Explorable.com226.8K reads

Multiple regression analysis is a powerful technique used for predicting the unknown value of a variable from the known value of two or more variables- also called the predictors.

Discover 34 more articles on this topic

Don't miss these related articles:

- 1Statistical Hypothesis Testing
- 2Relationships
- 3Correlation
- 4Regression
- 5Student’s T-Test
- 6ANOVA
- 7Nonparametric Statistics
- 8Other Ways to Analyse Data

More precisely, multiple regression analysis helps us to predict the value of Y for given values of X_{1}, X_{2}, …, X_{k}.

For example the yield of rice per acre depends upon quality of seed, fertility of soil, fertilizer used, temperature, rainfall. If one is interested to study the joint affect of all these variables on rice yield, one can use this technique.

An additional advantage of this technique is it also enables us to study the individual influence of these variables on yield.

By multiple regression, we mean models with just one dependent and two or more independent (exploratory) variables. The variable whose value is to be predicted is known as the dependent variable and the ones whose known values are used for prediction are known independent (exploratory) variables.

In general, the multiple regression equation of Y on X_{1}, X_{2}, …, X_{k} is given by:

Y = b

_{0}+ b_{1}X_{1}+ b_{2 }X_{2}+ …………………… + b_{k}X_{k}

Here b_{0} is the intercept and b_{1}, b_{2}, b_{3}, …, b_{k} are analogous to the slope in linear regression equation and are also called regression coefficients. They can be interpreted the same way as slope. Thus if b_{i} = 2.5, it would indicates that Y will increase by 2.5 units if X_{i} increased by 1 unit.

The appropriateness of the multiple regression model as a whole can be tested by the F-test in the ANOVA table. A significant F indicates a linear relationship between Y and at least one of the X's.

Once a multiple regression equation has been constructed, one can check how good it is (in terms of predictive ability) by examining the coefficient of determination (R2). R2 always lies between 0 and 1.

R

_{2}- coefficient of determination

All software provides it whenever regression procedure is run. The closer R_{2} is to 1, the better is the model and its prediction.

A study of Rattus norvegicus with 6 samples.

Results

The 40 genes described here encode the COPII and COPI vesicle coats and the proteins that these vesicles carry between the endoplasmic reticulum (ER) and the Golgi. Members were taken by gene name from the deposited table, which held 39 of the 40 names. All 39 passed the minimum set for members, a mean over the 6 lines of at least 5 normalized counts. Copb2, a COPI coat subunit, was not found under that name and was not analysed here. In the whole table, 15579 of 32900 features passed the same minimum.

A related question is whether the independent variables individually influence the dependent variable significantly. Statistically, it is equivalent to testing the null hypothesis that the relevant regression coefficient is zero.

This can be done using t-test. If the t-test of a regression coefficient is significant, it indicates that the variable is in question influences Y significantly while controlling for other independent explanatory variables.

Multiple regression technique does not test whether data are linear. On the contrary, it proceeds by assuming that the relationship between the Y and each of X_{i}'s is linear. Hence as a rule, it is prudent to always look at the scatter plots of (Y, X_{i}), i= 1, 2,…,k. If any plot suggests non linearity, one may use a suitable transformation to attain linearity.

Another important assumption is non existence of multicollinearity- the independent variables are not related among themselves. At a very basic level, this can be tested by computing the correlation coefficient between each pair of independent variables.

Other assumptions include those of homoscedasticity and normality.

Multiple regression analysis is used when one is interested in predicting a continuous dependent variable from a number of independent variables. If dependent variable is dichotomous, then logistic regression should be used.

Full reference:

Explorable.com (Jun 18, 2009). Multiple Regression Analysis. Retrieved Oct 28, 2020 from Explorable.com: https://forum.explorable.com/multiple-regression-analysis

The text in this article is licensed under the Creative Commons-License Attribution 4.0 International (CC BY 4.0).

This means you're free to copy, share and adapt any parts (or all) of the text in the article, as long as you give ** appropriate credit** and

That is it. You don't need our permission to copy the article; just include a link/reference back to this page. You can use it freely (with some kind of link), and we're also okay with people reprinting in publications like books, blogs, newsletters, course-material, papers, wikipedia and presentations (with clear attribution).

Discover 34 more articles on this topic

Don't miss these related articles:

- 1Statistical Hypothesis Testing
- 2Relationships
- 3Correlation
- 4Regression
- 5Student’s T-Test
- 6ANOVA
- 7Nonparametric Statistics
- 8Other Ways to Analyse Data

Thank you to...

This project has received funding from the European Union's Horizon 2020 research and innovation programme under grant agreement No 827736.

Subscribe / Share

- Subscribe to our RSS Feed
- Like us on Facebook
- Follow us on Twitter
- Founder:
- Oskar Blakstad Blog
- Oskar Blakstad on Twitter

Explorable.com - 2008-2020

You are free to copy, share and adapt any text in the article, as long as you give *appropriate credit* and *provide a link/reference* to this page.